A software company is developing a BIOS enabling what we'd have thought impossible: running Windows apps without having to Boot the OS itself.

US company Phoenix Technologies is developing software, called HyperSpace, that enables you to start your commonly used apps with the F4 key. Phoenix is already responsible for much of the BIOS code that starts up our PCs.

Windows is too complex

"As Windows gets more and more complex, we've seen startup times get longer and longer," Phoenix CEO Woody Hobbs told Wired. "If I go to the airport and try to connect to a Wi-Fi network, I'm waiting for five minutes just to connect. That's ridiculous - people usually just give up and use their cell phones or PDAs."

The HyperSpace platform is enabled by an efficient hypervisor from Phoenix called HyperCore. It's embedded within the BIOS and runs on top of it.

HyperSpace can, according to Phoenix, run most Windows software. Hobbs told Wired that the software would take the PC out of the hands of Microsoft and give control to system builders to implement what they wanted on systems. This means that, for example, a business orientated system could come pre-loaded with mobility tools and office software for basic use within HyperSpace.

In pursuit of "instant on"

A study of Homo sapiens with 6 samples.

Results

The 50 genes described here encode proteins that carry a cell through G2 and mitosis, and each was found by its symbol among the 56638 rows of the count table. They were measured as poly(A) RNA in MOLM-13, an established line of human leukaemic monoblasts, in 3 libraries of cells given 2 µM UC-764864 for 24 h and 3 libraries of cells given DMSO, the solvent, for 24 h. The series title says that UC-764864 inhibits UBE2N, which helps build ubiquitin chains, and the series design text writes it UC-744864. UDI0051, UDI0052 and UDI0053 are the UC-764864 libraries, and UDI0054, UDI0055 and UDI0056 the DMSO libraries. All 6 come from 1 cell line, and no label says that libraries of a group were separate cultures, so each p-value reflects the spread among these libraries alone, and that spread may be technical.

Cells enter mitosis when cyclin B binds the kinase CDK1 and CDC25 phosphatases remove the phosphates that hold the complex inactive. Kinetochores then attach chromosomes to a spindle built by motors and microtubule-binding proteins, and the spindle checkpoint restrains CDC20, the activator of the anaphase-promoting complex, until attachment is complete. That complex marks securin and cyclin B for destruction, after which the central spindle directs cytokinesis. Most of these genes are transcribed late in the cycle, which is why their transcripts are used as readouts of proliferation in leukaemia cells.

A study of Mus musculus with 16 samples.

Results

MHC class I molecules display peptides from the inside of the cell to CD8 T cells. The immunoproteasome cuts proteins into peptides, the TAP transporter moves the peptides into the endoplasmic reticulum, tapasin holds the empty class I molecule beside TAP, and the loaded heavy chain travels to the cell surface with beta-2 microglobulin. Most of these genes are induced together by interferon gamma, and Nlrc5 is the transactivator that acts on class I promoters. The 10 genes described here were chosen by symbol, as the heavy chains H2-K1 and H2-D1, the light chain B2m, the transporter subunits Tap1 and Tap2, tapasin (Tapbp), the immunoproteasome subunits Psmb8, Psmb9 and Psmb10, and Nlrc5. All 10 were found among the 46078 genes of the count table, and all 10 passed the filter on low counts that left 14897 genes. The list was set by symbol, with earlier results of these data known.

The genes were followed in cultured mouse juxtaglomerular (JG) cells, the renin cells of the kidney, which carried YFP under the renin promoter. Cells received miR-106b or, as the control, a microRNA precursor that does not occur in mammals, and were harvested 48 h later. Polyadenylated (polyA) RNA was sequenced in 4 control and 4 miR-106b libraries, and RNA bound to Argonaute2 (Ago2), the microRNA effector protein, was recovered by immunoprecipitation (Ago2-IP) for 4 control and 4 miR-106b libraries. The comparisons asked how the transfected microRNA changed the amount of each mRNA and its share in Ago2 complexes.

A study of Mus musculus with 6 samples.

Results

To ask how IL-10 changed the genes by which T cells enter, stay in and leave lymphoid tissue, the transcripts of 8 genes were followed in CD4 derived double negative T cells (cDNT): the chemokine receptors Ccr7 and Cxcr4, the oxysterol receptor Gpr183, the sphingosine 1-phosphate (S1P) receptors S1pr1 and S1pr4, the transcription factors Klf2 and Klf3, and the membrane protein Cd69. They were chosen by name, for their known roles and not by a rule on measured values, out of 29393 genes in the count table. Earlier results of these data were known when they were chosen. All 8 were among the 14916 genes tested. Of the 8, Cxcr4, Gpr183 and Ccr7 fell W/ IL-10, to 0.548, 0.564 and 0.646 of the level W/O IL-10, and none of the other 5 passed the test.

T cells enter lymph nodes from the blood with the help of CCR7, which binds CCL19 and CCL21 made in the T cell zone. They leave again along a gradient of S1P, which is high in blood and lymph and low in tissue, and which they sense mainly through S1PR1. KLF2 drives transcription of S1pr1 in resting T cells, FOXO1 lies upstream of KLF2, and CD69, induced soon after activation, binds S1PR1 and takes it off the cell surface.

"Users want their work and personal lives to be empowered by an instant-on and always available PC with ubiquitous network access and easy-to-use applications," reckons Leslie Fiering, a research head at Gartner.

"The industry will welcome a solution that holds the promise of satisfying both PC user needs as well as IT remote management and security needs."

But, understandably, not everyone feels that way. A certain Seattle-based organisation isn't too happy with the development. Hobbs says Microsoft regards HyperSpace as "outside their sphere of influence," yet Intel is "really excited" about the potential of HyperSpace and has been working with Phoenix to ensure it works with all their chips.

AMD is also working with Phoenix on the project to ensure compatibility with its Virtualisation software.

We could start seeing the technology implemented on systems late next year.